Book Interior Formatting: Dotting Your I’s and Crossing Your T’s – Final Checklist

Formatting. Every time I finish a book and start the process of formatting it for print, I have to run around and look at at a thousand different pages trying to remember everything I know about formatting. Every time, I end up looking up half a dozen new pages because I’ve lost or misplaced my bookmarks. Every time, I feel like pulling out my hair because it’s a lot to juggle while distilling it all down to the vital bits. This time I’m writing it all down as I go, so there will be a handy guide for next time and so other indie authors have a useful one stop shop for all their info.

At this point I’m almost done formatting my second paperback book, so it’s time to go back over the whole and make sure I’m not making any glaring errors that would make all the hoops I’ve gone through so far, to save money and appear professional, a waste.

  • Odd numbered pages appear on the right (During the hell of formatting page numbers, double checking them, fixing them, etc; you might notice that you’ve got everything perfect and working, except – all the even numbered pages appear on the right side of your book. Yes it’s worthwhile to go back and fix it as it’s the #1 amateur mistake noticed by book designers and readers alike.)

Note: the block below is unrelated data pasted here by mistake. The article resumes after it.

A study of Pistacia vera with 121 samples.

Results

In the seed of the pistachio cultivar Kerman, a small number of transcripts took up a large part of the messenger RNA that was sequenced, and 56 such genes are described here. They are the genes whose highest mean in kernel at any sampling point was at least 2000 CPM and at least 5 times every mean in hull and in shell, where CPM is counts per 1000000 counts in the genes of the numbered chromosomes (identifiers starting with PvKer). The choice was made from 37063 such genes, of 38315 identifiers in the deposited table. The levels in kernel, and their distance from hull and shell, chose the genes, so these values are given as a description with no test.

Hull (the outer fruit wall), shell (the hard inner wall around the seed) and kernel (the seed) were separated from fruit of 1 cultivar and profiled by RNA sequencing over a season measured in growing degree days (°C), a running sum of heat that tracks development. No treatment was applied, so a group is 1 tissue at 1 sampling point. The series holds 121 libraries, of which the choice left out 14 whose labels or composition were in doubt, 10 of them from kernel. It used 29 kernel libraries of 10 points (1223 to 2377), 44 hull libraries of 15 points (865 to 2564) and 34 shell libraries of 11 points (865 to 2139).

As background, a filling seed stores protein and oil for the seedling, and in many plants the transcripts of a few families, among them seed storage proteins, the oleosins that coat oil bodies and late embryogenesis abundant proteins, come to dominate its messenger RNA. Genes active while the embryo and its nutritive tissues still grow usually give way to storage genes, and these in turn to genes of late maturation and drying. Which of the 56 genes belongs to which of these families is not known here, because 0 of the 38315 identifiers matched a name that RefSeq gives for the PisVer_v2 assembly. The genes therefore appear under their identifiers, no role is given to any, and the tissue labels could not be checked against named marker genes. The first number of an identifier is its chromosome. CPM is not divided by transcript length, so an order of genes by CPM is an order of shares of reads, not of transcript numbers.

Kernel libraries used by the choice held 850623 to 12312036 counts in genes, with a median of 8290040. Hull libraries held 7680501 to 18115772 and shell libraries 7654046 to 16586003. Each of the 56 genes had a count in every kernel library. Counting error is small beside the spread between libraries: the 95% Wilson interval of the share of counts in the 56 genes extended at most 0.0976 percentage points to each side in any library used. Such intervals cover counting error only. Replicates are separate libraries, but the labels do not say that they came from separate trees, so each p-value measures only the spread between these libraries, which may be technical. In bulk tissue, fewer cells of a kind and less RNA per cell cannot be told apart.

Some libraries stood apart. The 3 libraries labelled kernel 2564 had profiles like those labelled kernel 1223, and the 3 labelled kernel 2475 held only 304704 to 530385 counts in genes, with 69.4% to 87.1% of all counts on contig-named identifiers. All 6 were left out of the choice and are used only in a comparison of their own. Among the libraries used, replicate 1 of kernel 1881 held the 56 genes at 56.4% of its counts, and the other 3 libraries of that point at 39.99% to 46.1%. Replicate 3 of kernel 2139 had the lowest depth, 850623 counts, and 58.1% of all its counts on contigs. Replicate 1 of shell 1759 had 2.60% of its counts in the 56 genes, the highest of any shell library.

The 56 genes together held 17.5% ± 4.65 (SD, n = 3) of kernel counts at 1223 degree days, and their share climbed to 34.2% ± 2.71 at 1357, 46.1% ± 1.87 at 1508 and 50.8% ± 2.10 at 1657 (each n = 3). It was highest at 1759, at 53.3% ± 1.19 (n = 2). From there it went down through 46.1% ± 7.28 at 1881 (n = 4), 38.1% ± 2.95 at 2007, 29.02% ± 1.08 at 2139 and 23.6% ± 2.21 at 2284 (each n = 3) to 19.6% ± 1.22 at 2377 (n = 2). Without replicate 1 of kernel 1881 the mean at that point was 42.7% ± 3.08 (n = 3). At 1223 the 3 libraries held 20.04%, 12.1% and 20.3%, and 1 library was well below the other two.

• Copyright page (Yes, some indie publishers don’t bother to include one in their paperbacks and the lack of one is a clear give away of an amateur operation.)
  • No page numbers on Chapter pages and other front and back matter and/or appropriate roman numbering for those pages that need it. (First page of a chapter – shouldn’t have numbers on it, you can have numbers on a index page or prologue but they should be roman numerals.)

If you’ve got those three covered – congrats! You should be able to print a passably professional looking (at least from a distance, if you squint and don’t know too much about book design) paperback novel!

Be sure to check out the other steps on formatting your paperbacks interiors with Microsoft Word:

And as always – if there’s anything I’ve neglected to cover that you want to know, just ask in the comments and I’ll see what I can do to help.